Teeing up for a better future: Students learn life lessons through golf | NevadaAppeal.com

Teeing up for a better future: Students learn life lessons through golf

Teri Vance
Cathleen Allison/Nevada Appeal

During golf lessons at Seeliger Elementary School, Sam Wilson, 10, has learned the basics of aiming the ball.

“You have to choose your target and face that way and swing,” he explained.

He also has learned how that applies to his life.

“When you grow up, you choose your job. That’s your goal. That’s your target to aim for.”

For the past couple of months, golf instructors from First Tee have been teaching physical education students in Carson City the first steps of golf. However, along with the golf lessons, they have also been sharing lessons in life.

Established in Reno five years ago, First Tee of Northern Nevada is a nonprofit organization that combines golf instruction with character development.

Carson City started a chapter last year and is looking to increase membership this year.

“I’ve coached for years, and this is the only junior program I’ve ever been involved with that teaches life skills,” said Chris Dewar, director of golf and life skills for the First Tee of Northern Nevada and a member of the Ladies Professional Golf Association. “They learn not only the game of golf, but also integrity.”

The program is based on nine core values, which include honesty, integrity, respect, responsibility, sportsmanship, perseverance, courtesy, judgment and confidence.

The values, said Executive Director Liza Maupin, are even more important than the game.

“No kid in the world will run home and say, ‘Mom, you’ve got to sign me up for life skills,'” she said. “Golf is the vehicle. And there are a lot of inherent skills in golf that lend themselves to life skills.”

Golfing’s rule of self-scoring and reporting one’s own fouls, she said, help teach children to make the right choices.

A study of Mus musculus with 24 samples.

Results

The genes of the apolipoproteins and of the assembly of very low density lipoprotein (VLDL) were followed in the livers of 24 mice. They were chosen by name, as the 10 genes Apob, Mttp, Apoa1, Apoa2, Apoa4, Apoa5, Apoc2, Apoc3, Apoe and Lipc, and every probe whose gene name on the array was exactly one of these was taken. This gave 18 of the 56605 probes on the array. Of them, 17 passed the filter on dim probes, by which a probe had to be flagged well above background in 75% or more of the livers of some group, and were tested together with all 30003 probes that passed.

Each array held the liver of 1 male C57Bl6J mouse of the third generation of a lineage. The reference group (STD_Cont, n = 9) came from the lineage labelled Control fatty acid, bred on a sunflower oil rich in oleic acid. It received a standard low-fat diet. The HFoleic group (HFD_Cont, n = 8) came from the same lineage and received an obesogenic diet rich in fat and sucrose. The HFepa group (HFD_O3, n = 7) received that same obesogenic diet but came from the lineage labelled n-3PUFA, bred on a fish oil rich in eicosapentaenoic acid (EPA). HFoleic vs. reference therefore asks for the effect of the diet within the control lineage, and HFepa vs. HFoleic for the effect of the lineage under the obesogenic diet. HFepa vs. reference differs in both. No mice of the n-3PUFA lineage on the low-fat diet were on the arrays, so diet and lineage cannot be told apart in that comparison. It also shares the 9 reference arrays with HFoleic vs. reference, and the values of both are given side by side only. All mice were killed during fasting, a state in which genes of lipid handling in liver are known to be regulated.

“Once you get to a certain age, your choices have much bigger consequences,” Maupin said. “It helps them avoid risky behaviors.”

Teaching in the schools is part of the outreach program to help bring awareness to the green-grass program, where children ages 7-17 are matched with volunteers to learn the game.

Nels Ahnlund of Minden will coach Carson City’s youth this summer at the Eagle Valley Golf Course.

“Once they get excited about golf, maybe they’ll join our green-grass program where I’ll be the coach and they’ll already know me,” he said.

All ability levels are welcome to participate, however even advanced golfers must start at the beginning to learn the corresponding life skills.

Although coaches will help challenge more adept golfers, participants will not advance until they’ve mastered the life skill of the day.

As part of the outreach program, instructors have also taught at Bordewich-Bray and plan to teach at Fritsch and Empire elementary schools.

On Wednesday, the lesson was “everyone can play.”

To demonstrate, students rotated through various stations where they golfed kneeling down, with just one arm and with their eyes closed to mimic different disabilities.

Randy Salazar, 10, said it was more difficult to golf with the handicaps, but he learned not to judge people who were different.

“Anybody can play, even with one hand,” he said. “They’re like the same as you.”

As Carson City looks to grow its membership this year, there is a great need for volunteers, Dewar said. Ahnlund will serve as the coach, so volunteers need not be experienced in golf.

“What we need are people who are able to form relationships with kids,” Dewar said.